I talked with my friend Grace for two hours over the weekend. Grace and I became good friends at IU and we spent almost every Friday night at her place baking brownies and homemade pizza (it’s her fault I gained 10 pounds in college). But even though we’re such good friends, our chat over the weekend was the first time we had talked in months.
Grace isn’t the first friend I’ve started the conversation with, “Wait, when was the last time we talked?” And I’m saddened and embarrassed that I’ve not taken enough time to catch up with all my long-distance friends over the past few months. But apparently, that’s a thing. It’s one of those “that’s how life just is” kind of things. Many of my friends have expressed similar feelings and have shared how rarely they actually talk with their friends who live in other states.
Quite frankly, I wish I had known before moving to the east coast that this was a thing. Not that it would have changed my mind about moving, but it would have made me more conscientious about reaching out to my friends.
I supposed it’s an age-old dilemma. You meet friends at summer camp, swear to be best friends forever, and then forget to call (though no one can really blame eight-year-olds for falling out of touch). Same goes with high school and college friends. You think you’ll be friends forever, and then you just aren’t. It sucks, there’s no good way to say it.
Through this semi-heart wrenching process, I’ve learned which friends truly value me and my friendship. They’re the friends who text me if they haven’t heard from me in a week, the friends who are equally busy but are trying to make our connection a permanent one.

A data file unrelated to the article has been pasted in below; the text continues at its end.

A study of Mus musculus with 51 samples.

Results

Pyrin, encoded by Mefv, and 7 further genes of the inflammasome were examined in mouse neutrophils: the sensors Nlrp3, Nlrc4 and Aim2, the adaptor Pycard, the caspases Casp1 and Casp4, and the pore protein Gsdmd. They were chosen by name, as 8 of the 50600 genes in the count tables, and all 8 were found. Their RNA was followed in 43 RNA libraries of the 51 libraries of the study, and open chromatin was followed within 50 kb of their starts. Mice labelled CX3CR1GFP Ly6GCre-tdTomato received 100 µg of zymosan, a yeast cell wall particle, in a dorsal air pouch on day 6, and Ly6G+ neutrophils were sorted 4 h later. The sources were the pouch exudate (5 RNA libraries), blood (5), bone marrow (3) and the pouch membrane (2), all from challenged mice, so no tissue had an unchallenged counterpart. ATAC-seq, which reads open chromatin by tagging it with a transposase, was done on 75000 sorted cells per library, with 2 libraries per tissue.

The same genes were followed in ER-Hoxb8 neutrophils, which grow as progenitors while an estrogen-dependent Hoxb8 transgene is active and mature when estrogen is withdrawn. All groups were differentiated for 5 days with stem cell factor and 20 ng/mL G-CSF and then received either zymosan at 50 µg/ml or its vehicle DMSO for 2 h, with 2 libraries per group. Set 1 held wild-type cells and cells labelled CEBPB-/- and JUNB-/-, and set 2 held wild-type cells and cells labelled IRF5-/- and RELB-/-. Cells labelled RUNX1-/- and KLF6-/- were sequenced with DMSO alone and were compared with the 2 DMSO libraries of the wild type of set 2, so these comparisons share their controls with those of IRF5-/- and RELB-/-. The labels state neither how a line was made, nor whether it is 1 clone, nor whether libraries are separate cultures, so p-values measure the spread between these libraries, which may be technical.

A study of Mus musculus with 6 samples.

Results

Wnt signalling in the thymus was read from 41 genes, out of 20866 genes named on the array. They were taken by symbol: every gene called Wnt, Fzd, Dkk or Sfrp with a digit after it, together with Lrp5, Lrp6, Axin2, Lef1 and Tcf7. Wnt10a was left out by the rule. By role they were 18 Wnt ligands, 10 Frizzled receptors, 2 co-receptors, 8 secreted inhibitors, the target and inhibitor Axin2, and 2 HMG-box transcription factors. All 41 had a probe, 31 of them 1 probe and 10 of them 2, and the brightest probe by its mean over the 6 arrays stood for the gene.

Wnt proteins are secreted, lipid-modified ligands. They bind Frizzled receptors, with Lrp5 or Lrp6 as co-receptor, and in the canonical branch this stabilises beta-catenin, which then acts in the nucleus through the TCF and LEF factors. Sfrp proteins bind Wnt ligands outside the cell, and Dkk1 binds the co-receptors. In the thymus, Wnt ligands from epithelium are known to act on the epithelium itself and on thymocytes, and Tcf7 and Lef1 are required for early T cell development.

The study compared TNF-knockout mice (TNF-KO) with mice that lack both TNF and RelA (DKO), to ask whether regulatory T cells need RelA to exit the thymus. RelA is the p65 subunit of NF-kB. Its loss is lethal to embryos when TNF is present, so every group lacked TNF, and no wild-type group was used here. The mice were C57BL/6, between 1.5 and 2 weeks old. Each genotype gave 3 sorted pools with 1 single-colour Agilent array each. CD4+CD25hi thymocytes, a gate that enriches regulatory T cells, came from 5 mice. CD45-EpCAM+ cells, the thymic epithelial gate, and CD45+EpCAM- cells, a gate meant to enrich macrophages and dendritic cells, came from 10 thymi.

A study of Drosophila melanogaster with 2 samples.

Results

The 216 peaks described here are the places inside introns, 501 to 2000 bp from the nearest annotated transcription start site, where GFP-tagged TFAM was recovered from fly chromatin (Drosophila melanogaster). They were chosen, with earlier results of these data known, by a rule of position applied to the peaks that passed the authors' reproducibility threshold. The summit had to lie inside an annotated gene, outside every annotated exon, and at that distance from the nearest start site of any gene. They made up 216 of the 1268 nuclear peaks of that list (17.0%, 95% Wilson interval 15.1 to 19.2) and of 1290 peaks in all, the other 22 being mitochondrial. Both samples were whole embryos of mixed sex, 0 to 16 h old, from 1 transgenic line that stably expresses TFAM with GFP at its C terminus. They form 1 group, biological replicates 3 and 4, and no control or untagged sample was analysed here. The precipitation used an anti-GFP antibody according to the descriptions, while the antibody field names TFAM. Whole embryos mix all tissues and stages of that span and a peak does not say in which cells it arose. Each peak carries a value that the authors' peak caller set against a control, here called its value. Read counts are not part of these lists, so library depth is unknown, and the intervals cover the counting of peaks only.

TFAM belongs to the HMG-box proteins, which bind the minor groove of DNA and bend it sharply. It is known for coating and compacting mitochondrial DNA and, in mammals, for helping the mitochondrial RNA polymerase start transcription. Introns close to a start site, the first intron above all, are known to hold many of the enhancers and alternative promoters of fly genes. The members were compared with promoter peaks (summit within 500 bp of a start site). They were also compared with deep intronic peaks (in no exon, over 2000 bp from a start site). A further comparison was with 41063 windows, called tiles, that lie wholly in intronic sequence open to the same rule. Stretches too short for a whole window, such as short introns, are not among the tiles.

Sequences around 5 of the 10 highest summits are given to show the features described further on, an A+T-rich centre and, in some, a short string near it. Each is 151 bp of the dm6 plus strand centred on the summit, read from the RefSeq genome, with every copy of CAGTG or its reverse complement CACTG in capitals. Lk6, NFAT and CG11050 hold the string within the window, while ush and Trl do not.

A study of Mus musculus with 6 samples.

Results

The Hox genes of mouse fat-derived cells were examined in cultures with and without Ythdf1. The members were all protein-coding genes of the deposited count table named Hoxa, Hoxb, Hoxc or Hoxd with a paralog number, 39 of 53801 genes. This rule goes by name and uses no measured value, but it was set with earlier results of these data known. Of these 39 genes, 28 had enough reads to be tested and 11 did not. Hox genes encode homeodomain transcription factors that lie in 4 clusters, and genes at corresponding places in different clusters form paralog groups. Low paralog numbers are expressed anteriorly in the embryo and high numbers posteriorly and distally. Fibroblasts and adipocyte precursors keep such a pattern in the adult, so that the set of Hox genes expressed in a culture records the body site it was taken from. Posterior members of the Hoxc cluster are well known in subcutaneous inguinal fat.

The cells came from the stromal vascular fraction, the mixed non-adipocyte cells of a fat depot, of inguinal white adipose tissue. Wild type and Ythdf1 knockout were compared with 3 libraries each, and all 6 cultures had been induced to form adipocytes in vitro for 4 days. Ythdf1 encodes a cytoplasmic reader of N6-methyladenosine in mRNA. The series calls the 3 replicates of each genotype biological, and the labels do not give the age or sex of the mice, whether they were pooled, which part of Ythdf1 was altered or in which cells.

Now that I’m finally settled down in New York, I’ve realized that it’s 100% on me to keep in touch with my friends and let them know how much I love and value them. While I’m definitely not perfect, I’ve been doing my best to chat with my besties semi-regularly. To make sure I’m giving my friends the TLC they deserve, I’ve started doing a few things to make sure I’m setting aside the time to focus on them.
Text Them Goodnight
This is a great way to integrate your long-distance friends into your daily life. Wishing them a simple “good night” or “good morning” lets them know you’re thinking of them and opens the door for them to call or text you. I have a few friends who will drop me a short text just asking how my day’s been, and it never fails to make me smile. Just knowing someone is thinking about you can make all the difference, so take the time to let your friends know you still love them.
Put Them in Your Phone Calendar
This sounds really strange, but setting an alarm on your phone calendar can help you keep tabs on friends. Going months without talking feels bad and you miss out on so much of their lives. Setting a weekly reminder to call or skype with someone will ensure you’re setting aside the time to prioritize your friends and give them the attention they deserve.
Comment on Their Instagram Photos
This is another super small act that can really impact someone. Instead of just liking their photo, comment on it and ask a question about their trip or the dish they ate. Dropping a short note on their photos shows that you’re actually paying attention to what they’re up to.
If you haven’t spoken to someone in months, I know how awkward it can be to reach out to talk. But I always think about it like this: have you been wishing the other person would be the first to say hi? If the answer is yes, they’ve probably been thinking the same thing. Only good things can come out of staying in touch with long-distance friends, so make sure to prioritize your friendships!
What surprised you about living on your own for the first time? If there’s anything else I should look out for, I’d love to know now!